2017 Issues   /   December 2017

All-Cause Mortality Reduced in Heart Failure Patients with Lower Discharge Heart Rate

By U.S. Medicine

WASHINGTON — Although a lower heart rate is known to be linked with better outcomes in patients with heart failure (HF) with reduced ejection fraction (EF), not as much research is available on the association in patients with HF with preserved ejection fraction (HFpEF).

A study published in the Journal of the American College of Cardiology reported the results of a study examining discharge heart rate with outcomes in hospitalized patients with HFpEF.1

[Click on Image to See Enlarged Version]

Researchers from the Center for Health and Aging at the Washington, DC, VAMC and VA institutions around the nation focused on 8,873 hospitalized patients with HFpEF and an EF of 50% or greater in the Medicare-linked OPTIMIZE-HF (Organized Program to Initiate Lifesaving Treatment in Hospitalized Patients with Heart Failure) registry. Of those patients, 6,286 had a stable heart rate, defined as 20 or less beats/min variation between admission and discharge. A subset of 38% had a discharge heart rate of less than 70 beats/min.

The researchers used propensity scores for discharge heart rate of less than 70 beats/min, estimated for each of the 6,286 patients, to create a cohort of 2,031 pairs of patients with heart rate less than 70 beats/min vs. 70 or higher beats/min, balanced on 58 baseline characteristics. Most of the 4,062 matched patients, with a mean age of 79, were women and only 10% were African-American.

Results indicated that during a total of six years, with a median 2.8 years, of follow-up, all-cause mortality was 65% vs. 70% for matched patients with a discharge heart rate less than 70 beats/min compared to those with heart rates 70 or higher beats/min, for a hazard ratio (HR) of 0.86. A heart rate of less than 70 beats/min was also associated with a lower risk for the combined endpoint of HF readmission or all-cause mortality – with an HR of 0.90 — but not with HF readmission (HR: 0.93)) or all-cause readmission (HR: 1.01).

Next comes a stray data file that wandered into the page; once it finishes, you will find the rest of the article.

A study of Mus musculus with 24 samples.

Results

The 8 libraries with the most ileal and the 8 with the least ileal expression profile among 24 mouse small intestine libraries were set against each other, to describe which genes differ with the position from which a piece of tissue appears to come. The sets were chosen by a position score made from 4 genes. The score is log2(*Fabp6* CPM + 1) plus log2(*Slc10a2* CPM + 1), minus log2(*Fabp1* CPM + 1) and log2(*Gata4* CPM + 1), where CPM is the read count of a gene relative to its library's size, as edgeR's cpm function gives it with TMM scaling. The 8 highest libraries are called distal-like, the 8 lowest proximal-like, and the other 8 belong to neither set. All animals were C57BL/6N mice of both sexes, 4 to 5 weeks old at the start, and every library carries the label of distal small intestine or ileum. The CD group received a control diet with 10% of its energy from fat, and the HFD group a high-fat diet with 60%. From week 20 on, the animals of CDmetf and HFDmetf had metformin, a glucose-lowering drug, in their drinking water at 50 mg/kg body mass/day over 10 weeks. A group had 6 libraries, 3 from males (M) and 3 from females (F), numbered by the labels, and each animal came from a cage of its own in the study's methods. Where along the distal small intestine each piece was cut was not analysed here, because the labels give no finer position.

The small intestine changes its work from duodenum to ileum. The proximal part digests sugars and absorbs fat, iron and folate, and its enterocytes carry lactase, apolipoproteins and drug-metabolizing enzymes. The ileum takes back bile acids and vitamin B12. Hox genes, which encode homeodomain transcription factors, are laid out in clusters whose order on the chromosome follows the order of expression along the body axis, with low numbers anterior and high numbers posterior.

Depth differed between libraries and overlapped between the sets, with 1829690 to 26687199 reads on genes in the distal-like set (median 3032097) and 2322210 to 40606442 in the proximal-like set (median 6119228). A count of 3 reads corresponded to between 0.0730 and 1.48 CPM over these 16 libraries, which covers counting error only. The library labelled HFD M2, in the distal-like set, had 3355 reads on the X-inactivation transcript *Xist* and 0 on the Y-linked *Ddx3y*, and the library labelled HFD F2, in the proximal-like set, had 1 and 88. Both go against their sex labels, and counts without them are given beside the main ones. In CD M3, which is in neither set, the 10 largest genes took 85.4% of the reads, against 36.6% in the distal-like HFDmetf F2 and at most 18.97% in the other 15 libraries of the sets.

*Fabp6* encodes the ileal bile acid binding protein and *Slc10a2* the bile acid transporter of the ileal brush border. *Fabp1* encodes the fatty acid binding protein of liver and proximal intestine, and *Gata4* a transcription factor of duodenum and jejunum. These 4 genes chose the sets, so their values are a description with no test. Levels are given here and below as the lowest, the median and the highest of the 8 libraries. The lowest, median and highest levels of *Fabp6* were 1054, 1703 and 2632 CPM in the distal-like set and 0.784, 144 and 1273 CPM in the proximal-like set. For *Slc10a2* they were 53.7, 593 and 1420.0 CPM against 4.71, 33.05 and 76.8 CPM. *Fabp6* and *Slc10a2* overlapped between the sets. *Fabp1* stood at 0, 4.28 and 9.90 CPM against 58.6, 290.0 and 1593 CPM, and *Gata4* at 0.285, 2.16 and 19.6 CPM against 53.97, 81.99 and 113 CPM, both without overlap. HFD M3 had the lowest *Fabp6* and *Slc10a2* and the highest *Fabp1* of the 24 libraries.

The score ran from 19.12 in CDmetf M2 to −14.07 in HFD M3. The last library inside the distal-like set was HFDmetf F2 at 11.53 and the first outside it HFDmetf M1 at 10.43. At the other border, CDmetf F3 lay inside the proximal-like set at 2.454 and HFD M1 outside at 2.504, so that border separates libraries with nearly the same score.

Study authors pointed out that heart rhythm or use of beta-blockers had no effect on the results, concluding, “Among hospitalized patients with HFpEF, a lower discharge heart rate was independently associated with a lower risk of all-cause mortality, but not readmission.”

  1. Lam PH, Dooley DJ, Deedwania P, Singh SN, Bhatt DL, Morgan CJ, Butler J, Mohammed SF, Wu WC, Panjrath G, Zile MR, White M, Arundel C, Love TE, Blackman MR, Allman RM, Aronow WS, Anker SD, Fonarow GC, Ahmed A. Heart Rate and Outcomes in Hospitalized Patients With Heart Failure With Preserved Ejection Fraction. JAm Coll Cardiol. 2017 Oct 10;70(15):1861-1871. doi: 10.1016/j.jacc.2017.08.022.PubMed PMID: 28982499.